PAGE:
Memory, Swap Management October 7, 2005Posted by Carthik in commands, ubuntu.
A lot of Linux newbies, myself included are often astonished at the amount (%) of memory used by Linux as opposed to, say, Windows on comparable systems. If you look at the System Monitor (Applications -> System Tools -> System Monitor), you can find the amount of memory used by your system. If you leave your computer on for a long period (say more than a day) then the memory usage seems to keep going up. This is a “good thing”. Let me explain why.
Linux actively uses free available memory to improve your system’s performance. Let’s say you have 1 GB of main memory (don’t we all wish!). Now, suppose all the programs you are running together require only 200 MB of memory. What happens to the other 800 MB of the available memory?
On a linux system, the memory is used to “cache” data that is used by the CPU. The idea behind caching is that it takes longer for your CPU to access data on the hard drive than it does to access data that is present in the main memory. So caching using the main memory effectively speeds up the system. On a windows system, there is no such optimization, so free memory is wasted as it does not get used.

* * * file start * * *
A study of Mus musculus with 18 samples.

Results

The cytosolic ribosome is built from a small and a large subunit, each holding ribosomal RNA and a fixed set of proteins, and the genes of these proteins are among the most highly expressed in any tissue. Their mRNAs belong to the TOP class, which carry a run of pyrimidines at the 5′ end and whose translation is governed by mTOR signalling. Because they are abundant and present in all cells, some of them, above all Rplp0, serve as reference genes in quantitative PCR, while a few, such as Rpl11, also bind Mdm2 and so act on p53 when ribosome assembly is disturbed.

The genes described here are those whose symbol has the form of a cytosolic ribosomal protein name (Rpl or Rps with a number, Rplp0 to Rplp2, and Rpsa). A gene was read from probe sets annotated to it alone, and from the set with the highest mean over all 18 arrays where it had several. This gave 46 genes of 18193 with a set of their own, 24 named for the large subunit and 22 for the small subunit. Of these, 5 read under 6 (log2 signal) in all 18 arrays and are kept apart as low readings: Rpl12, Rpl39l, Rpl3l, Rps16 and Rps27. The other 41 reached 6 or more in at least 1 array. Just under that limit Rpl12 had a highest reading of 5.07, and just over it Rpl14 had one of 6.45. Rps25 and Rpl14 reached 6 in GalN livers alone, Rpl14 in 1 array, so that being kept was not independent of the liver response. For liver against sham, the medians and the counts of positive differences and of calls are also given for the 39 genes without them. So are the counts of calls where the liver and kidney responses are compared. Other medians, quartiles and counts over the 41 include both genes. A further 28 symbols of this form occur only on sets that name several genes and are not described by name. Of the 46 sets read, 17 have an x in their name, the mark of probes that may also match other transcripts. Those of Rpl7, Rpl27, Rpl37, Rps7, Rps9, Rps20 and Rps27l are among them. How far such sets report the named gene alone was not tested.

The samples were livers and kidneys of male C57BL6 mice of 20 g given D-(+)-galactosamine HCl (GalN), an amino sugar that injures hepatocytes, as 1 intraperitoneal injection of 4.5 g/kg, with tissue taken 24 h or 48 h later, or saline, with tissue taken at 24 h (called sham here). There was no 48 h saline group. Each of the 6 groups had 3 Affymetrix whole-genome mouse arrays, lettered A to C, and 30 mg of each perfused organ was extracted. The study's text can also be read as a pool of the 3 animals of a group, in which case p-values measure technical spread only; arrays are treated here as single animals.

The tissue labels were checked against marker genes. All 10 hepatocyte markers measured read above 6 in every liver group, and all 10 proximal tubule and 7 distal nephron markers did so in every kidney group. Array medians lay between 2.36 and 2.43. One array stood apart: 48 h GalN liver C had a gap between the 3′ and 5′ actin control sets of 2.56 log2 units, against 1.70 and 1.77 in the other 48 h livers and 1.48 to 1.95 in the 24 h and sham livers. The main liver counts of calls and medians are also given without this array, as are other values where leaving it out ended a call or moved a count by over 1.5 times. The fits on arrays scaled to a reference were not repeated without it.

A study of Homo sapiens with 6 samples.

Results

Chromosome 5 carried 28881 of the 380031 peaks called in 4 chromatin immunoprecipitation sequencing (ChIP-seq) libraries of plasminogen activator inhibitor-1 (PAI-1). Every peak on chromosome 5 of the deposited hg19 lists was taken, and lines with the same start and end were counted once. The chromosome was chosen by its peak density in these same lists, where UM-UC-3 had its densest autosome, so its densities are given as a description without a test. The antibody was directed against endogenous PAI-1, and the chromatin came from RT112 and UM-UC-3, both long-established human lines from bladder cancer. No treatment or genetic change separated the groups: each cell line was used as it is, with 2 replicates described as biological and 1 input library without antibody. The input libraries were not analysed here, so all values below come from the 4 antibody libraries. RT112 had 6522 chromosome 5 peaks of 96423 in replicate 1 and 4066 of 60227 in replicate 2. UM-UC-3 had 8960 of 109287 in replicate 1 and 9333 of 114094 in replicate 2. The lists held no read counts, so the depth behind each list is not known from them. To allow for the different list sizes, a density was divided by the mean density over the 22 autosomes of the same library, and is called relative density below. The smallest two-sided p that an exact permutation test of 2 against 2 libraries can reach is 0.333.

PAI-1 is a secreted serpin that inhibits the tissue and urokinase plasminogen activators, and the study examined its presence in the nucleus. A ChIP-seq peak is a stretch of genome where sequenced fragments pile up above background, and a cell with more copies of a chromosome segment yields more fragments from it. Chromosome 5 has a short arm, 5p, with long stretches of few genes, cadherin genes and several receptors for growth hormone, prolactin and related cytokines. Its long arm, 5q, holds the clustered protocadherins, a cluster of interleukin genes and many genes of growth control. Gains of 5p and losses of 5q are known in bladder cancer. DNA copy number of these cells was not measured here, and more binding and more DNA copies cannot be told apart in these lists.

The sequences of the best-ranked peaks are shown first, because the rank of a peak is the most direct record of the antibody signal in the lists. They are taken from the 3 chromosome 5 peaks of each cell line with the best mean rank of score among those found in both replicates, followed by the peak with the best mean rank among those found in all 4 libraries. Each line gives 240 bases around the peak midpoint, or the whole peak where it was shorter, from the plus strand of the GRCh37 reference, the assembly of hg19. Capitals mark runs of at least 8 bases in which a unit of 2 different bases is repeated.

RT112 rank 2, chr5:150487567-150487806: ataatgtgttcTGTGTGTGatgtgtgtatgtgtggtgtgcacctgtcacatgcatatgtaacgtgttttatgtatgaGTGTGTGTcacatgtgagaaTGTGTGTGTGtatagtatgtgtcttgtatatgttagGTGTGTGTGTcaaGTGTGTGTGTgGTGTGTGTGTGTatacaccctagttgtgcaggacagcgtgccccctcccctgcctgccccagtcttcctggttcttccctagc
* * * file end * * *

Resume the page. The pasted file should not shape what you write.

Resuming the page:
Now when an application really needs all the memory that is used for caching, Linux pops out the cached data and makes the required memory available. As a last option, if all of the main memory is used up, then the memory you set aside in your swap partition is used too.
Try the command:
to see what your memory usage is. The first line of results is fairly obvious. The second line tells you what the applications “see”, and should tell you how much memory is actually being used by the applications themselves.
Another used command is “top” which gives you a look at the memory/cpu usage and other details about the processes that are running on your computer – all at the terminal. I much prefer it to the GUI-based System Monitor myself.
Knowing that all the memory I paid for is being used to the max makes me feel all warm and fuzzy. For a moment earlier today, I thought there was something wrong, since almost all of my memory was being used, and I was hardly running anything intensive – now I am at ease – there was something wrong earlier, when the memory was not being used by Windows – now I know!!